Twitter Says Sorry And Overturns Journalist Ban
Twitter has backtracked and reinstated the Twitter feed of British journalist Guy Adams, one day after banning him
There were red faces at Twitter after it reversed its ban and reinstated British journalist Guy Adams’ account, one day after it banned him for tweeting the business email address of the president of NBC Sports.
Guy Adams, a Los Angeles-based correspondent for the Fleet Street newspaper The Independent, had used Twitter to be critical of the network’s often-lengthy time delays between its worldwide broadcasts and the live Olympic events.
Adams asked his followers 27 July 27 to file their disapproval with Gary Zenkel, president of NBC Sports.
No Rules Broken
“The man responsible for NBC pretending the Olympics haven’t started yet is Gary Zenkel. Tell him what u think!” Adams tweeted. Later, he published Zenkel’s corporate email address, so that his followers could express their ire to Zenkel.
NBC Sports on 30 July followed up by filing a complaint with Twitter “because a user tweeted the personal information of one of our executives,” prompting Twitter – its Olympic social networking business partner – to immediately suspend Adams’ account.
Following a review of the situation, the San Francisco-based social network released a statement on its site late 31 July stating, in part: “We want to apologise for the part of this story that we did mess up.”
Closure of Adams’ Twitter account – such an outlet can be important to journalists covering special events like the Olympics – caused a spat for two days until the Twitter staff revisited the case and realised that Adams hadn’t broken any user rules.
What the Twitter rules team did not know was that Zenkel ‘s email address is easily able to be found on the Internet, thus it is in the public domain.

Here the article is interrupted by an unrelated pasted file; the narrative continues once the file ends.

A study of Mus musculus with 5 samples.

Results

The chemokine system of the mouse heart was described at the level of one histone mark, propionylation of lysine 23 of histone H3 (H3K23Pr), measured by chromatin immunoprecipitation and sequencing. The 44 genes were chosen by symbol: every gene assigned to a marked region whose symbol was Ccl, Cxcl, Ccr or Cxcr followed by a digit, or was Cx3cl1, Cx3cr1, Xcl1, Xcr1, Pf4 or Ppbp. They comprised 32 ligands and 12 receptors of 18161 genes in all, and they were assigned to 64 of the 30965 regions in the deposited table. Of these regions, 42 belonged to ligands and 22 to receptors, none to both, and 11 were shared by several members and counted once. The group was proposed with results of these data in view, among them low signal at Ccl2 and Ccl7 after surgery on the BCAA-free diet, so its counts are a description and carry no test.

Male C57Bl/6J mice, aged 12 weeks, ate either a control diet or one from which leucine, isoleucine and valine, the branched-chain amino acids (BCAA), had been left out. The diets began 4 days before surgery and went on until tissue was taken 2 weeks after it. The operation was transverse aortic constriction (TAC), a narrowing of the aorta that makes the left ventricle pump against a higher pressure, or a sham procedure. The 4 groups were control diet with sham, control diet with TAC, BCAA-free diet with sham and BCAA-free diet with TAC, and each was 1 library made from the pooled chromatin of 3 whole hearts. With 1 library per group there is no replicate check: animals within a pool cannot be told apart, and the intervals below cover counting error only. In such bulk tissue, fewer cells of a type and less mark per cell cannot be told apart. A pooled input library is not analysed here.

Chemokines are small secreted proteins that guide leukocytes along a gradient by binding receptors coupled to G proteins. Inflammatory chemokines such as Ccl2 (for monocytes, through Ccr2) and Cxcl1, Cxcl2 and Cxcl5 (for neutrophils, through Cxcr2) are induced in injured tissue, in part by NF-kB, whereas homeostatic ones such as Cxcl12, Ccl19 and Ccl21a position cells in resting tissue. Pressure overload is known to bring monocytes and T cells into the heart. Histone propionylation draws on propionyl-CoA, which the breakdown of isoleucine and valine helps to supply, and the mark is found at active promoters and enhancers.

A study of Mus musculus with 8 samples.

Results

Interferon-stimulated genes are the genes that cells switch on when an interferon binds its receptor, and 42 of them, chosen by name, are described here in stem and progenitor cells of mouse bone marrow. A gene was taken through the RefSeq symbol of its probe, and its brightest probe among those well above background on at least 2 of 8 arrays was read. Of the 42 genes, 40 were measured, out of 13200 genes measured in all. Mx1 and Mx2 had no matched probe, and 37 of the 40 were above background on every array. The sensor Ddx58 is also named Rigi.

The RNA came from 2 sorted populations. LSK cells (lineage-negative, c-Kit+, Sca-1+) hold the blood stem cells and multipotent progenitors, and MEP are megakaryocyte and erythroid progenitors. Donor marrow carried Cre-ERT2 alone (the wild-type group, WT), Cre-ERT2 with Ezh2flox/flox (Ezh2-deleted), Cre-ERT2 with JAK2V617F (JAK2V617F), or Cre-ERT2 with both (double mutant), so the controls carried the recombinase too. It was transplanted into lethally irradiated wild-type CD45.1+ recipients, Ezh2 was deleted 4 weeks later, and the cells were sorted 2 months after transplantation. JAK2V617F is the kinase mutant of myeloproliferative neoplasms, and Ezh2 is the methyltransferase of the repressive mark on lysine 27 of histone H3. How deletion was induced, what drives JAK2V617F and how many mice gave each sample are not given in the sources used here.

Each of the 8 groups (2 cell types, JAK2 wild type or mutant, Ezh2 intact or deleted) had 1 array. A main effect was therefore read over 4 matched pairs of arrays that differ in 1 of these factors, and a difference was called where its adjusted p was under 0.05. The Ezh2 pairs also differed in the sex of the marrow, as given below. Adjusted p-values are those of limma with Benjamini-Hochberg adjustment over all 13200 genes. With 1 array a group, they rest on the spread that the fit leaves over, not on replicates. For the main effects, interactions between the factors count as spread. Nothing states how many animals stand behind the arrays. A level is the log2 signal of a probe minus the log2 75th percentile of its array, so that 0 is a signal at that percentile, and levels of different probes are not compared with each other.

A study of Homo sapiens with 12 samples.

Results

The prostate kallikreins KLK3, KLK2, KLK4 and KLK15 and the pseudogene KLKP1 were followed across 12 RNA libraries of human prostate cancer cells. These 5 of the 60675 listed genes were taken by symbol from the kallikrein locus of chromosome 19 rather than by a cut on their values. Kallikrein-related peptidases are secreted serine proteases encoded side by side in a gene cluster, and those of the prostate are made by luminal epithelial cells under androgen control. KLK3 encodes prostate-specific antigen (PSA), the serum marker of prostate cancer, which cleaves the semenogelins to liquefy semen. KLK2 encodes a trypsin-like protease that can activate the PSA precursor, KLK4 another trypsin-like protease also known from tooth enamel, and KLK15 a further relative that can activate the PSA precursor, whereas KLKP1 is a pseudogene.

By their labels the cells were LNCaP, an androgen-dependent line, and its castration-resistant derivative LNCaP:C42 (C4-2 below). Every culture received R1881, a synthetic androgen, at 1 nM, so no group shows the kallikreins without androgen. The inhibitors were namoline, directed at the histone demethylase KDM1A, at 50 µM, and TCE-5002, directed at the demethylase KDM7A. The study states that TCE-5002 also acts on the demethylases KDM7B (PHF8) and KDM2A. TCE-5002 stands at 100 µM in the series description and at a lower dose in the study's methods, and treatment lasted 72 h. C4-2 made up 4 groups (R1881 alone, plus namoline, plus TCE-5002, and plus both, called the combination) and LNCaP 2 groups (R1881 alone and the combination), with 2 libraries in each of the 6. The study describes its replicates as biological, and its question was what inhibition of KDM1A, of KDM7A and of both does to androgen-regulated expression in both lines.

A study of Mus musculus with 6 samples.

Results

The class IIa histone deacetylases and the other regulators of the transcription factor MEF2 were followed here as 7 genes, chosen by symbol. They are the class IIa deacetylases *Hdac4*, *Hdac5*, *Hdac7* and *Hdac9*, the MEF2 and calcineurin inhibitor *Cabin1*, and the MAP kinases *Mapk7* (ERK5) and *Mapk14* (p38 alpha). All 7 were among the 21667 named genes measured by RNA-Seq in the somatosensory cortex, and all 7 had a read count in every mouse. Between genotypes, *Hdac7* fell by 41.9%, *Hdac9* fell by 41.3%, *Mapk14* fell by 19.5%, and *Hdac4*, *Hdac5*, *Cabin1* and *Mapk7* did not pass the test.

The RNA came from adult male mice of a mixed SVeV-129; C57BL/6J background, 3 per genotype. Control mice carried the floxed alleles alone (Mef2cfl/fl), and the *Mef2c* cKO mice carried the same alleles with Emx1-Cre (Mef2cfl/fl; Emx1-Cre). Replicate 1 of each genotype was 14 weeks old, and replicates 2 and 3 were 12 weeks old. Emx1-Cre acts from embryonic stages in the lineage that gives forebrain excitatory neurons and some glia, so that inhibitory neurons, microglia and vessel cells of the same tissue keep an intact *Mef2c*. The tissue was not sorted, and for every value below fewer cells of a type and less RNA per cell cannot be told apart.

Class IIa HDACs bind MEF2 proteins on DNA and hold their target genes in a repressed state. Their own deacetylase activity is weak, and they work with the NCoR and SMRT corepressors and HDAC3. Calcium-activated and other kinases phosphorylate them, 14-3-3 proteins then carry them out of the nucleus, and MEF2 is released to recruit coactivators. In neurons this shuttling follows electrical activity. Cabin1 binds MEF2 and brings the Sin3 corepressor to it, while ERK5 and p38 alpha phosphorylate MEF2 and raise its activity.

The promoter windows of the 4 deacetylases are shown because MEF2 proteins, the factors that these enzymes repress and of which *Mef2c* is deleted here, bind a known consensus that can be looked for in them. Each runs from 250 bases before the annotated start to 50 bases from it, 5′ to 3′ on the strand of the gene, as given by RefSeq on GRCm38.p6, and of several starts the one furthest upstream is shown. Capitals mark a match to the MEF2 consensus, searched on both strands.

Twitter said that it does not monitor individual tweet streams. NBC claimed that Adams had crossed the line by releasing information about the network executive that was too “personally identifiable.”
Adams received an email from Twitter later in the day, which stated in part: “Your account has been unsuspended.”
In a blog post explaining its error, Twitter said: “The team working closely with NBC around our Olympics partnership did pro-actively identify a Tweet that was in violation of the Twitter Rules and encouraged them to file a support ticket with our Trust and Safety team to report the violation, as has now been reported publicly. Our Trust and Safety team did not know that part of the story and acted on the report as they would any other.”
The explanation blog post continued: “We’ve seen a lot of commentary about whether we should have considered a corporate email address to be private information. There are many individuals who may use their work email address for a variety of personal reasons – and they may not. Our Trust and Safety team does not have insight into the use of every user’s email address, and we need a policy that we can implement across all of our users in every instance.”
After his account was reinstated, Adams immediately tweeted: “Oh. My Twitter account appears to have been un-suspended. Did I miss much while I was away?”
NBC had no other comment on 31 July.